Lawrence R. Klein, Economist and Nobel Prize Winner, Passes Away

Lawrence R. Klein, Benjamin Franklin Professor of Economics (emeritus) at the University of Pennsylvania and recipient of the Nobel Prize, died October 20, 2013.

Klein was a member of the economics department at Penn from 1958 until his retirement in 1991, though he continued as an active researcher and valued colleague long after his formal retirement. He pioneered the development of macroeconometric models used to predict global economic trends. While many economists believed another depression would occur in the aftermath of World War II, Klein rightly predicted a flourishing economy, based on, among other things, unsatisfied demand for consumer goods during wartime and the purchasing power of returning soldiers.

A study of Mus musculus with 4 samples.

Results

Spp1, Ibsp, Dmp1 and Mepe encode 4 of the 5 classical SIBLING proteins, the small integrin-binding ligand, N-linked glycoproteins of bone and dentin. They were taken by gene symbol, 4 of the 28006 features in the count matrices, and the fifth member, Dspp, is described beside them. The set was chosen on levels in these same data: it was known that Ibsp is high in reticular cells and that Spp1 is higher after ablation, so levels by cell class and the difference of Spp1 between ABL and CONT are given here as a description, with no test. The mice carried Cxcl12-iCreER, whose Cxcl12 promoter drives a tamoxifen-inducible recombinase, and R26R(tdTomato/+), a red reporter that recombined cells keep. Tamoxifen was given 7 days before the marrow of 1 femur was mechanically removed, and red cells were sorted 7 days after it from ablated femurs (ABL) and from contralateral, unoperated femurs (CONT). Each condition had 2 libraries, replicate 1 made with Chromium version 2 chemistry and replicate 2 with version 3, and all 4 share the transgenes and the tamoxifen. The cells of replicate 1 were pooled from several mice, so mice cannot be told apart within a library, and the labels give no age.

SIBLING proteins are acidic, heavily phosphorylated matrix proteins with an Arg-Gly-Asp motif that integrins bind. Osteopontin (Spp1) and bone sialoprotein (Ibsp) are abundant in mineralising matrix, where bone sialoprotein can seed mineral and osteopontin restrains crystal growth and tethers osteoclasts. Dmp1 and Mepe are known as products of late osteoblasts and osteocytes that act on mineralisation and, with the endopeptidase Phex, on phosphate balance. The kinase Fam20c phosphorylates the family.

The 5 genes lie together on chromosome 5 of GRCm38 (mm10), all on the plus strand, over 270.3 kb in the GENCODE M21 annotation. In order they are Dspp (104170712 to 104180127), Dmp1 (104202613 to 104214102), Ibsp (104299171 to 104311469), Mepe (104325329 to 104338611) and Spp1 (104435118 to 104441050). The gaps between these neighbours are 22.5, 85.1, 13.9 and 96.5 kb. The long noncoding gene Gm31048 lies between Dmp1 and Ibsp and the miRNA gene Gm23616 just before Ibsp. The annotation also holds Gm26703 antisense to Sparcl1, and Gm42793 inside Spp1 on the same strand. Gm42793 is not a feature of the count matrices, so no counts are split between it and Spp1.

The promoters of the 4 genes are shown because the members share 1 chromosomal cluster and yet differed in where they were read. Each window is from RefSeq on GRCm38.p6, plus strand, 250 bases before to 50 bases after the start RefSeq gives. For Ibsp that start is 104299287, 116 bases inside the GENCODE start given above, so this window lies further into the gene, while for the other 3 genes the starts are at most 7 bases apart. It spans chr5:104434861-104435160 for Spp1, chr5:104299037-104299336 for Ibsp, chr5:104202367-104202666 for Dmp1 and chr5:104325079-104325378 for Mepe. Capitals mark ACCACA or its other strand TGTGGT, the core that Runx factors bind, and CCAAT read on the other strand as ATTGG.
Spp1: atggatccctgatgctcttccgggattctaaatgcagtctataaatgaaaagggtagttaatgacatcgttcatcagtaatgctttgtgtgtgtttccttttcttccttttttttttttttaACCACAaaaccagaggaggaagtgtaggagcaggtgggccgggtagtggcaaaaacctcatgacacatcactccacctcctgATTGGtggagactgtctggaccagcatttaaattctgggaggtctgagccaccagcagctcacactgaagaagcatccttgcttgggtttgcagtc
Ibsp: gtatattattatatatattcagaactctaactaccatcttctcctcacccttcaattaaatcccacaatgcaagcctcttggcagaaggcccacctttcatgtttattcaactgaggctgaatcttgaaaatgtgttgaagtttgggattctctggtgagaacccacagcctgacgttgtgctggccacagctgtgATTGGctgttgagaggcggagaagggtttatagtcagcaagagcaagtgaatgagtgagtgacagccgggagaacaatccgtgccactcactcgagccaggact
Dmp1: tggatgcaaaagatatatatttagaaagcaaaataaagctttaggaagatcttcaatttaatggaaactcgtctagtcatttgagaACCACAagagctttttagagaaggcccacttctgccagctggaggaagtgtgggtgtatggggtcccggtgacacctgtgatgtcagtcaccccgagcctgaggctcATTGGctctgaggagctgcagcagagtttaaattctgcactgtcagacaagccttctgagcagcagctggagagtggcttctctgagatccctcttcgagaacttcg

In 1980, Klein won the Nobel Prize in Economic Sciences for creating econometric models and applying them to economic fluctuations and policies. His Nobel citation states that "few, if any, research workers in the empirical field of economic science have had so many successors and such a large impact as Lawrence Klein." 

At Penn, Professor Klein led the graduate group in economics for more than 20 years, taught undergraduates in the honors program, and mentored more graduate students and directed more doctoral theses per year than any other departmental member. Klein also created the Penn Institute for Economic Research (PIER), which enhanced the University's role as one of the leading institutions in the world to study economics.

Read the full story here.

See also:  “Lawrence R. Klein, Economic Theorist, Dies at 93” in The New York Times.